Patience, Please: More Tips for Patients Telling Their Stories to the Media
On Monday, I shared some advice for patients and patient advocates who are trying to explain their story to a reporter. More tips are below.
5. Don’t go conspiratorial.
The biggest red flag for me when talking with a patient or a patient advocate is a conspiracy theory. These usually start with, "I don’t want to sound like I believe in conspiracies, but…" The government did it. The drug makers did it. The big company wanted to get rid of one of its star employees because he was making everybody else look bad.
This doesn’t mean that people may not have tried to cover up a mistake they made. That happens all the time. A doctor may have persuaded a nurse to alter the notes on a chart to make it look like the doctor made the right call during a surgery. But that doesn’t mean that the hospital’s owners (four states away), the insurance company that paid for the surgery, and the federal government were all involved, too.
6. Think about what you want.
What are you trying to accomplish by having your story told? Are you trying to get a doctor’s license revoked? Are you trying to win a court case against a hospital and hoping that a news story will put pressure on the hospital? Are you simply hoping the reporter will be able to find answers to what happened that you have not been able to find? (This is the most common reason, in my experience.)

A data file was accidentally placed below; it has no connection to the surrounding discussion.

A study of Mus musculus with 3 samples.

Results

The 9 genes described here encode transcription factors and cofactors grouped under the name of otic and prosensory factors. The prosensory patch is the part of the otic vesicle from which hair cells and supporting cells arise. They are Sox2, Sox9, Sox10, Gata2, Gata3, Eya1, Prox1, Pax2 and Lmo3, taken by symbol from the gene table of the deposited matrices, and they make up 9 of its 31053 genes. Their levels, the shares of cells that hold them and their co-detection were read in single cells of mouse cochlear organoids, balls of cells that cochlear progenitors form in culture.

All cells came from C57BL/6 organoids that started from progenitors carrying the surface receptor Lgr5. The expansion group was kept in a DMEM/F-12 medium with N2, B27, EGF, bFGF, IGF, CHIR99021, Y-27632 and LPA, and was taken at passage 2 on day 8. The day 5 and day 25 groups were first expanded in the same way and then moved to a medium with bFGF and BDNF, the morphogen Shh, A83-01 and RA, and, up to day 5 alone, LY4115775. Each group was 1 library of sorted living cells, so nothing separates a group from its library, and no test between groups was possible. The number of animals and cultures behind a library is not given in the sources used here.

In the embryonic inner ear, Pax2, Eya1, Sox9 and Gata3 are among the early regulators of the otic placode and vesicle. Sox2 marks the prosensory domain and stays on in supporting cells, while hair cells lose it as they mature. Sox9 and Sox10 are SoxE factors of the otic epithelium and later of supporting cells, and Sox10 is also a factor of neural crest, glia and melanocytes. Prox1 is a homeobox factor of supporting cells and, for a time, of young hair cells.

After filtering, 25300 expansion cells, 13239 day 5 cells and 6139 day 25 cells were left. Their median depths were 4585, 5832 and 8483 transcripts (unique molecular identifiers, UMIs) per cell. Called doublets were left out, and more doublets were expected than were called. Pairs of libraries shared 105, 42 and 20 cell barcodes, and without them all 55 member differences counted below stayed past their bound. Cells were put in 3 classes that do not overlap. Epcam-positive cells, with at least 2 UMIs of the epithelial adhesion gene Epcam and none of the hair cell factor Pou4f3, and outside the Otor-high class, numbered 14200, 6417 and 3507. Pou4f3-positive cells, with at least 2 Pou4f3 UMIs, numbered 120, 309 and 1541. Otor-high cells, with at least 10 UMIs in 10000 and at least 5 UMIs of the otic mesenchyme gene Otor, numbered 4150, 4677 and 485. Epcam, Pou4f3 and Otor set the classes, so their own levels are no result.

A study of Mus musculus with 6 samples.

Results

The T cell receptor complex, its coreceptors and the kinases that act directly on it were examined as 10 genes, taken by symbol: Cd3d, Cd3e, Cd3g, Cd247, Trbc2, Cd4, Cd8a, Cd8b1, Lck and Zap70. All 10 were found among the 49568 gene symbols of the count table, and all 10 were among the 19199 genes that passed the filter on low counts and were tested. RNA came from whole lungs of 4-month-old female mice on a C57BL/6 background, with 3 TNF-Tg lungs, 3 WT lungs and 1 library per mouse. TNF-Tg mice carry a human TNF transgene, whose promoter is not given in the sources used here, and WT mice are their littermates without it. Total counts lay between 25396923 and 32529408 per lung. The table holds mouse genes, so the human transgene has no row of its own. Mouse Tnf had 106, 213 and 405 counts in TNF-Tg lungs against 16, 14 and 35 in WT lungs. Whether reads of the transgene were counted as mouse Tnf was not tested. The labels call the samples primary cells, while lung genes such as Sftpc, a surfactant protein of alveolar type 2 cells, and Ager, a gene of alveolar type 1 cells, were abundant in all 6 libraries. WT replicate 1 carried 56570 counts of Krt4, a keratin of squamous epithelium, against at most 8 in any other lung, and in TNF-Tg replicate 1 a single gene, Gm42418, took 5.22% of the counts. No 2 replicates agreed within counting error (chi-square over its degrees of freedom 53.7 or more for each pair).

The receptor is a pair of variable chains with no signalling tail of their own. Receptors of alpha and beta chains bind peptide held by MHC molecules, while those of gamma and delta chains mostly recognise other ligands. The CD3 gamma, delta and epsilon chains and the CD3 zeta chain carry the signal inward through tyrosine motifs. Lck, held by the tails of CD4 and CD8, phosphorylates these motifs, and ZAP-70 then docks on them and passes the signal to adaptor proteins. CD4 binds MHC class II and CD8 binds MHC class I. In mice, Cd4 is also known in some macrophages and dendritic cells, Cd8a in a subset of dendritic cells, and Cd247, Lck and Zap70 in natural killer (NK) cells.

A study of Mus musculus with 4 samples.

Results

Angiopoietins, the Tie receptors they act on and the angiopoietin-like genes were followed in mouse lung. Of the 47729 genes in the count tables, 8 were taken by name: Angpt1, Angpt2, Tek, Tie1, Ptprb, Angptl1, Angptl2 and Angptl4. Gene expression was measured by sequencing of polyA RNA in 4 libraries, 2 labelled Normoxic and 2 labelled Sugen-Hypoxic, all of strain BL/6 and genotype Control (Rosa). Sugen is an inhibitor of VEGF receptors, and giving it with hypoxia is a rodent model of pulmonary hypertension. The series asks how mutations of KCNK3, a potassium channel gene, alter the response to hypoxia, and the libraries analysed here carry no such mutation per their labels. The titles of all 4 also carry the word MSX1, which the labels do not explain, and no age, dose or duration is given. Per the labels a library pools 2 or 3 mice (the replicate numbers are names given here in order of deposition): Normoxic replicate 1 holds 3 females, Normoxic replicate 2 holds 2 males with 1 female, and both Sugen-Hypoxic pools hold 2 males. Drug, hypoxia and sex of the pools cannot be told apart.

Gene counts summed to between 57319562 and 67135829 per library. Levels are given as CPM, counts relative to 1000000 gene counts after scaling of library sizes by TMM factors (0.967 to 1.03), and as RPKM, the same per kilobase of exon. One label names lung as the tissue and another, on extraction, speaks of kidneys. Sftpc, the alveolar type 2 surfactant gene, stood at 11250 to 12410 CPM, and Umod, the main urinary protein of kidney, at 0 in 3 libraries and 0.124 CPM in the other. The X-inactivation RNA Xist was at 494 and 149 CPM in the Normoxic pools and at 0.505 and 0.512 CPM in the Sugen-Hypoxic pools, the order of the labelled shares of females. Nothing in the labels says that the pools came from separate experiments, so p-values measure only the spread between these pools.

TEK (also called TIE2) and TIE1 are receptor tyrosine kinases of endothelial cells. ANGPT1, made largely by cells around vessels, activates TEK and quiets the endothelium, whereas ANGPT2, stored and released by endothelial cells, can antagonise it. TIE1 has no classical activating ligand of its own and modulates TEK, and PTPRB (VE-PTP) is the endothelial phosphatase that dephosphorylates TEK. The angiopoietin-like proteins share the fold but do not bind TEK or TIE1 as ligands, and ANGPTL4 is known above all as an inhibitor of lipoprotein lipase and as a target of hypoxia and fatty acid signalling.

7. Recognize that you and the reporter have different agendas.
Whatever your end game is, you need to recognize that the reporter primarily is interested in telling a good story that will have an impact. You two may get along during the process of the reporting, and may even seem to a friendly rapport. But your agendas are different.
8. Have patience, please.
Your story may be hugely important to you, but it’s likely one of two or three patient stories the reporter will hear that day and one of hundreds he or she will hear in the months to come. A reporter could write about nothing but patient harm and never get to all the great patient stories. I promise you. I have tried, but every time I write one, I put dozens of others on hold.
I read my email (askantidote [at] gmail [dot] com) every day, and I try to respond to every email. Some days I have a flood of messages, particularly when I write about a topic that strikes a nerve. So I do miss things. If you don’t hear from a reporter, write them again. If you don’t hear a second time, they’re just being rude.
When a writer does agree to work on your story, recognize that to write about patient harm accurately and effectively is extremely difficult. If patients and their families obtain copies of their medical records, the reading alone can take weeks to read, organize and decode. In a perfect world, you would have independent experts in the relevant specialties review the records to help you interpret them. That can take weeks, too.
If you take some of the steps I’ve described above, though, you have a much greater chance of making your voice heard.